Last Friday afternoon my daughter Kristin and I were taking a hot, windy, humid little jog in downtown Tulsa, Oklahoma in preparation for a 15k race we planned to do the following morning when we ran into a couple of guys sitting on a low wall. One of them asked if we knew where “The Expo” was, the place where you go to pick up your race number. “Right down there,” Kristin said, pointing to the Cox Business Center. “Go all the way down the main hall and turn right into ballroom C.”
“Thank you,” one of them said, looking just a little puzzled by what ballroom C might mean. And then we began to talk. They were obviously runners and so were we, and we were just as obviously all going to run in the same 15k race on Saturday morning. It took about 10 minutes before we’d become fast friends. Abraham was from Mexico City and had struggled to get a visa, then ridden 36 hours on a bus, arriving in Tulsa only the day before. Ray, a friend of Abraham’s friend who had volunteered his place for Abraham to stay, had been in the states for 16 years. e worked as a machinist, he told me H He worked as a machinist, he told me, but this guy, despite his slightly broken English, was a philosopher at heart. And he knew how to make friends in a hurry.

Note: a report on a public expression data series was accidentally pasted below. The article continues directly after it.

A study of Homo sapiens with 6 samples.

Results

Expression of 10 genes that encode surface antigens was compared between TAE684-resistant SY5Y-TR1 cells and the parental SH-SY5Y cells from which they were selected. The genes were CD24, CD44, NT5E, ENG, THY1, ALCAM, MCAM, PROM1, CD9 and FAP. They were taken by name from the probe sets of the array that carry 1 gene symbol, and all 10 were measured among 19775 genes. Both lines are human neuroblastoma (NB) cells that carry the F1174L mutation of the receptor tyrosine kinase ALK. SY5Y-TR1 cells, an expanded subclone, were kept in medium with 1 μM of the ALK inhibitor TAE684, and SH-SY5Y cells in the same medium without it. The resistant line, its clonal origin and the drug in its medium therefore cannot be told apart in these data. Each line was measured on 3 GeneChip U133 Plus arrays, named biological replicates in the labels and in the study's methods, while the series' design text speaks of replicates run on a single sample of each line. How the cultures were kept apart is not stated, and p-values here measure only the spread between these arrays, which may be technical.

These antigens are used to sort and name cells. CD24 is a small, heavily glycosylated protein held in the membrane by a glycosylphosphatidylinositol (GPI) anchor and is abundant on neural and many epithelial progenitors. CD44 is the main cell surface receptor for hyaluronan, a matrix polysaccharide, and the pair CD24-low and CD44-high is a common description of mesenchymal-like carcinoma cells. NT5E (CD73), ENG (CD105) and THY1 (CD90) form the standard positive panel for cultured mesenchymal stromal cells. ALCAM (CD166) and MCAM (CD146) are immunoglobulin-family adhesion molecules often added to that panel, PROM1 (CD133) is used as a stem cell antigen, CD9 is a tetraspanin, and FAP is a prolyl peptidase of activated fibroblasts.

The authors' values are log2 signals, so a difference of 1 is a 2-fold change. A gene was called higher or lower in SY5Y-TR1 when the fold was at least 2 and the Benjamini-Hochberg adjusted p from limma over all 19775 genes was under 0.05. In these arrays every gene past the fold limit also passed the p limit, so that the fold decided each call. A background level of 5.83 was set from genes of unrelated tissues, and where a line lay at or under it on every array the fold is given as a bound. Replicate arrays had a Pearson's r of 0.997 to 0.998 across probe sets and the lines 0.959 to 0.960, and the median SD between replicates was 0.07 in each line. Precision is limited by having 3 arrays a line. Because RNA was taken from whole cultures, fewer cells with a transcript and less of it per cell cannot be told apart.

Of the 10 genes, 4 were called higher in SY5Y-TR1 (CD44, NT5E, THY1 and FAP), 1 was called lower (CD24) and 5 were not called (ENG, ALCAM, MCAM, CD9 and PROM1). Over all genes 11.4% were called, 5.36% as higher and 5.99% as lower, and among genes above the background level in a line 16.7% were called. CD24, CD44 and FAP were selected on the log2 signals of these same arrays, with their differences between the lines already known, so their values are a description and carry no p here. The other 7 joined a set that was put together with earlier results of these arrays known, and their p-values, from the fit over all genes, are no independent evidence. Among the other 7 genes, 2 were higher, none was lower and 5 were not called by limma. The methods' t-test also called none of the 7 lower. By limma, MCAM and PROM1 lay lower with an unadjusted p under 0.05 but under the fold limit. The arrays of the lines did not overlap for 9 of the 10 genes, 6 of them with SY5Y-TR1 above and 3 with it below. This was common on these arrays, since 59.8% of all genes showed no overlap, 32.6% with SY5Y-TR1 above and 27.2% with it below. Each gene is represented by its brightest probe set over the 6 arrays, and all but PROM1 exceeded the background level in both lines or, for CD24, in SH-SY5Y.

Abraham was shooting high. “The Kenyans will come first, then me,” he explained to Kristin whose Spanish is much better than mine. We wished them luck and saw them off on their way to pick up their race bibs. Surprisingly enough, we saw them again the next morning among 7,000 thinly-clad bodies milling around nervously awaiting the start. Just time for a high-five and to wish each other luck.
At the end of the race, as I searched among the throng for Kristin, I ran into Ray again. He seemed happy enough with his time but Abraham was not close on the heels of the winning Kenyans. “The bus ride was too long,” Ray explained. “Abraham did not have time to recover from it before the race. Next year I will invite him to come a week early.”
It was then that I invited the two of them to come to Fort Collins next September to run the first ever Fort Collins Fortitude 10k. “It goes right by my house,” I explained. “You must come and do it and you must stay with me.”
He promised. I’m looking forward to it.